Self-monitoring in Type 2 diabetes mellitus: a meta-analysis

Authors


Dr M. C. Gulliford, Department of Public Health Sciences, Guy's, King's and St Thomas' School of Medicine, King's College London, Capital House, 42 Weston St, London SE1 3QD, UK. Email: martin.gulliford@kcl.ac.uk

Abstract

SUMMARY

Aims  Self-monitoring of blood or urine glucose is widely used by subjects with Type 2 diabetes mellitus. This study evaluated the effectiveness of the technique at improving blood glucose control through a systematic review and meta-analysis.

Methods  Randomized controlled trials were identified that compared the effects of blood or urine glucose monitoring with no self-monitoring, or blood glucose self-monitoring with urine glucose self-monitoring, on glycated haemoglobin as primary outcome in Type 2 diabetes.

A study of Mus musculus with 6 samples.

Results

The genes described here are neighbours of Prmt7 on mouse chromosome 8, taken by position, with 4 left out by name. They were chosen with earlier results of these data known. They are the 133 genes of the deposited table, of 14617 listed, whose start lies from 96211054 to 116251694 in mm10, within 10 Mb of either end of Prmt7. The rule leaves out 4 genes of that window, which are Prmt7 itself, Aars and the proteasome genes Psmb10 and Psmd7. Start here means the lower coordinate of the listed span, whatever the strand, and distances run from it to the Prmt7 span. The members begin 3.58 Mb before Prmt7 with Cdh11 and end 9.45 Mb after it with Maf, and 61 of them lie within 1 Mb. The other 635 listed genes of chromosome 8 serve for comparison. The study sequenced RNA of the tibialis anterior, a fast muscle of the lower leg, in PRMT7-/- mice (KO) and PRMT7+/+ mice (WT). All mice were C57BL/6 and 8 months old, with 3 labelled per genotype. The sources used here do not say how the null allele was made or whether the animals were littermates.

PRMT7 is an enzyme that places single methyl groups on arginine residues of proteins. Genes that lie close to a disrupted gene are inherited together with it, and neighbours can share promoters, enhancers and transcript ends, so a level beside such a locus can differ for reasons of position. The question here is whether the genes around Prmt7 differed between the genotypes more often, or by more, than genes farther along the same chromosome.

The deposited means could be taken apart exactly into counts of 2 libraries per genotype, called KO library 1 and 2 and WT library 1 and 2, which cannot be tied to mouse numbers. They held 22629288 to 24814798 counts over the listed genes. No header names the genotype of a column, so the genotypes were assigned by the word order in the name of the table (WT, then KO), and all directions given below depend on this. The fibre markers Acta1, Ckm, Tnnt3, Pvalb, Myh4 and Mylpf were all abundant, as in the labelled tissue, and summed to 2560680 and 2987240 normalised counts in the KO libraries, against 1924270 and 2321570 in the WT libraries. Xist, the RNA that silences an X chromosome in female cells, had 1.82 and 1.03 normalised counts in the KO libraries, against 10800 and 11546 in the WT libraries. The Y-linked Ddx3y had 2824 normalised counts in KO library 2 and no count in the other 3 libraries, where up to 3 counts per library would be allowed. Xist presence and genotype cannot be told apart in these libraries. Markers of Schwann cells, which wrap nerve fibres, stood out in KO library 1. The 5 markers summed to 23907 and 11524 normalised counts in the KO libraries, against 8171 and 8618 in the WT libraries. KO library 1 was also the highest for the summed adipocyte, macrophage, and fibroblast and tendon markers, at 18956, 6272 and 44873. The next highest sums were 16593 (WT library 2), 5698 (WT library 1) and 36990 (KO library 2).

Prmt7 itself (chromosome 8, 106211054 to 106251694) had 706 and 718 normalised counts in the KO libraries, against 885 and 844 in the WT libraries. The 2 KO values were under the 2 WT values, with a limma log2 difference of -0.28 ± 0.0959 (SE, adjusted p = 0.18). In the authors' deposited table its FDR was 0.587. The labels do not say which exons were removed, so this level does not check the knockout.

Results   Eight reports were identified. These were rated for quality and data were abstracted. The mean (sd) quality score was 15.0 (1.69) on a scale ranging from 0 to 28. No study had sufficient power to detect differences in glycated haemoglobin (GHb) of less than 0.5%. One study was excluded because it was a cluster randomized trial of a complex intervention and one because fructosamine was used as the outcome measure. A meta-analysis was performed using data from four studies that compared blood or urine monitoring with no regular monitoring. The estimated reduction in GHb from monitoring was −0.25% (95% confidence interval −0.61 to 0.10%). Three studies that compared blood glucose monitoring with urine glucose monitoring were also combined. The estimated reduction in GHb from monitoring blood glucose rather than urine glucose was −0.03% (−0.52 to 0.47%).

Conclusions  The results do not provide evidence for clinical effectiveness of an item of care with appreciable costs. Further work is needed to evaluate self-monitoring so that resources for diabetes care can be used more efficiently.